IGC predicts the global wheat glut could ease

The International Grain Council expects the global wheat harvest area to contract by 1pc in 2018/19.

Australian farmers are suffering from the surplus of global wheat supplies, but a preliminary outlook into the 2018/19 season offers reason for measured optimism.

In its latest monthly forecasts, the International Grain Council said it expected the global wheat harvest area to contract by 1 per cent in 2018/19, as farmers react to the low prices.

Global wheat production has climbed rapidly in recent years, from 717 million tonnes in 2013/14 to last year’s 757mt. World wheat production highs were progressively raised over the past five seasons, but this pattern may be about to end, according to IGC.

The Council projected a 2pc decline in world wheat production to 742mt, down from 757mt in the 2017/18 season, assuming a return to average yields. IGC sees continued robust growth in food demand for wheat with record demand into Asia and Africa, with world trade projected at a new peak.

Although it’s still early days for the world 2018/19 season, IGC projected the first stock declines in six years is possible, mainly in the major exporting countries. It said global would stocks would shrink by around 6mt to 248mt, under the average yield and stronger demand assumptions.

It’s premature to get excited about global wheat prices. A stock contraction of 6mt is modest given that global stocks have soared by more than 80mt since 2012/13, but it would be a step in the right direction.

Local summer crop conditions remain challenging with no end in sight to the hot, dry weather pattern. Temperatures continued to hover in the low to mid-30s last week, but it’s the lack of rain that is the major concern.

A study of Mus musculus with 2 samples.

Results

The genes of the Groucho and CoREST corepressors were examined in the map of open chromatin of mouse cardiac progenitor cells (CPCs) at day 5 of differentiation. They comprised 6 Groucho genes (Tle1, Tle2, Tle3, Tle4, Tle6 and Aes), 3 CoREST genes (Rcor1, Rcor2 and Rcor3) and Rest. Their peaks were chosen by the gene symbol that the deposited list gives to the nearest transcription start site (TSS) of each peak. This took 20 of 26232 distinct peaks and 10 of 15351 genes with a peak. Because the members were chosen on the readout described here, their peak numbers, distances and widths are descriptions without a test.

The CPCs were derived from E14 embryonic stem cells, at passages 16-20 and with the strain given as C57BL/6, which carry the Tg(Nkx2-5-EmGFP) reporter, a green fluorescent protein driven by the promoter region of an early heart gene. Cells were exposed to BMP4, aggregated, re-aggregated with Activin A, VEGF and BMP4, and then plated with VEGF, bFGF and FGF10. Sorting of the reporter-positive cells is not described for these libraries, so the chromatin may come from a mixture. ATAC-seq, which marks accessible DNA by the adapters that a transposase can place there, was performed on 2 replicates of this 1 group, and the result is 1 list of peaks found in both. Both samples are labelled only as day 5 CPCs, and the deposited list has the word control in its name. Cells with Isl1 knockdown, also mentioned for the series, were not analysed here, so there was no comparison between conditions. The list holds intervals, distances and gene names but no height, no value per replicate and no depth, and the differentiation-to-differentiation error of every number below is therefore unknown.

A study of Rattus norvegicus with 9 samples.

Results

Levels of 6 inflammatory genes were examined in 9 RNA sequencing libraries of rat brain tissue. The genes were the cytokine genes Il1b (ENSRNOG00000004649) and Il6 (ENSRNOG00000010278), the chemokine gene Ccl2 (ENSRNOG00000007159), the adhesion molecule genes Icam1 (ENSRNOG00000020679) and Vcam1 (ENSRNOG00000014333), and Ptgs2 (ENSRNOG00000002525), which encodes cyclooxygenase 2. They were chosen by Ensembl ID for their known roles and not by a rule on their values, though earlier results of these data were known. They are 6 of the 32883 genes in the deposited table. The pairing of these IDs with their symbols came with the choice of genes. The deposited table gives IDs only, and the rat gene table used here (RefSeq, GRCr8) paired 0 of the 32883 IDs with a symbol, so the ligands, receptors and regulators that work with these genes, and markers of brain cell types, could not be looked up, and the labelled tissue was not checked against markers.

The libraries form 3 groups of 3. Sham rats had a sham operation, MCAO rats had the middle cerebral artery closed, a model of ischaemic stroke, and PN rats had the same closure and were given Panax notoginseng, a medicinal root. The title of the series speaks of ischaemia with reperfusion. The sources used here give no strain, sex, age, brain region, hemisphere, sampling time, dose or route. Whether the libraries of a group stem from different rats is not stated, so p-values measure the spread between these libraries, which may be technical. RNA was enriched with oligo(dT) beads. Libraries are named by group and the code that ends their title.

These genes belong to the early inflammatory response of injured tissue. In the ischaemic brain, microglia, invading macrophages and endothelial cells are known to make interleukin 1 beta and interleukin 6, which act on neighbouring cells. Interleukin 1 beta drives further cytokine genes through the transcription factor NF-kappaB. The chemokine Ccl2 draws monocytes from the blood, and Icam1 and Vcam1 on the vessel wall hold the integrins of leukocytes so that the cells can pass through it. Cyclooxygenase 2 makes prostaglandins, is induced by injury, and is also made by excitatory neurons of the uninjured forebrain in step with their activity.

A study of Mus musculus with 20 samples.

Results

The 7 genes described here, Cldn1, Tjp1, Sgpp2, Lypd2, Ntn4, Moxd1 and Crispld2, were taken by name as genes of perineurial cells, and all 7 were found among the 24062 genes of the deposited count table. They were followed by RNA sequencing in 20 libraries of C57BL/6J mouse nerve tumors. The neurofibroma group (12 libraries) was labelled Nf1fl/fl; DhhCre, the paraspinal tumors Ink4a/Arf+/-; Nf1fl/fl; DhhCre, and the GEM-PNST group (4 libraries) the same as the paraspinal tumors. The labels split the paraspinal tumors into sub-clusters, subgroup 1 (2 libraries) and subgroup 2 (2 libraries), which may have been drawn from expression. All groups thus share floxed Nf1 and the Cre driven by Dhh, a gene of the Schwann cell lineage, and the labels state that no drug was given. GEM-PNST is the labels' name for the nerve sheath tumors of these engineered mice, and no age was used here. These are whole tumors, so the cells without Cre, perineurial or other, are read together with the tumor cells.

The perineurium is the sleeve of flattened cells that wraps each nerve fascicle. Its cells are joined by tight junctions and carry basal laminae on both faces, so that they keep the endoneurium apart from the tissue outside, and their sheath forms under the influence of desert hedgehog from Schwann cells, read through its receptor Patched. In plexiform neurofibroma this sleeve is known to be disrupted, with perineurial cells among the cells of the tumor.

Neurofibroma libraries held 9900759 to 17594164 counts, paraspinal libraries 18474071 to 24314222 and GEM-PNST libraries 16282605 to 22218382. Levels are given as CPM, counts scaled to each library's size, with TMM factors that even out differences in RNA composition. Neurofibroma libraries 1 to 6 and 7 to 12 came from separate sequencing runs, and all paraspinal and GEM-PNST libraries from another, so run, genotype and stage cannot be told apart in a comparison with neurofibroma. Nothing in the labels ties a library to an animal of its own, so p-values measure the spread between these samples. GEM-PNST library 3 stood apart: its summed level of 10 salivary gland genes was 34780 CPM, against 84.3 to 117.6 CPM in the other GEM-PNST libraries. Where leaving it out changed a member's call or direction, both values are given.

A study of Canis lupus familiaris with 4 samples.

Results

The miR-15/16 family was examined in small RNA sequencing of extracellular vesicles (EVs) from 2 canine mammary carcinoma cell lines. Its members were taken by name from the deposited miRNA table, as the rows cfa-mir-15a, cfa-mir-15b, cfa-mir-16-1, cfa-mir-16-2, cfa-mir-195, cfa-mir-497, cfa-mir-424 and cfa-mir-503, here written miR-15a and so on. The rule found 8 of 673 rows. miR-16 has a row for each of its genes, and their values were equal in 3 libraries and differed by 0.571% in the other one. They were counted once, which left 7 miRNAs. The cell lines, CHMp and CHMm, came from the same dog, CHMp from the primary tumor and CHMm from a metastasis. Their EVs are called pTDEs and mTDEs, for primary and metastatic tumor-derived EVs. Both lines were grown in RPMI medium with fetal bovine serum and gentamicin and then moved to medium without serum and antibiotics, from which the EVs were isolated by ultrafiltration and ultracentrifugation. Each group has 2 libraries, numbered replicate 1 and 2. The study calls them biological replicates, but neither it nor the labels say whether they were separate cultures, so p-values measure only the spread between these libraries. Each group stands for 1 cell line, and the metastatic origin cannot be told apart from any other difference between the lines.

Central Queensland farmers are waiting for more rain to finish planting sorghum. Some crop was seeded on the early January rain but many farmers are looking for follow-up to complete seeding. Sorghum plantings are expected to be up on last year as farmers swing away from chickpeas.

Southern Queensland farmers are also desperate for rain to avoid potential yield declines. Crop conditions across the Darling Downs remain variable by the nature of the scattered storms in late December. Farmers are looking at well above average yields in the best of the crops, while the drier areas are struggling.

Some late sorghum has been planted on patchy rain in the past fortnight but overall plantings have been small.

Weather forecasts are showing no sign of an easing in the dry weather, with limited chances of any significant rain in the last week of January.

Sorghum prices continued to strengthen last week as traders move to cover in earlier sales. New crop bids for sorghum delivered into Brisbane were $10 higher for the week at $285. The new crop sorghum prices into Brisbane have rallied by $20 a tonne in the past three weeks.

Comparatively, northern wheat markets have only edged higher in the past month. Darling Downs stockfeed wheat prices were $1 higher last week at $323 delivered and is up $6 in the past month.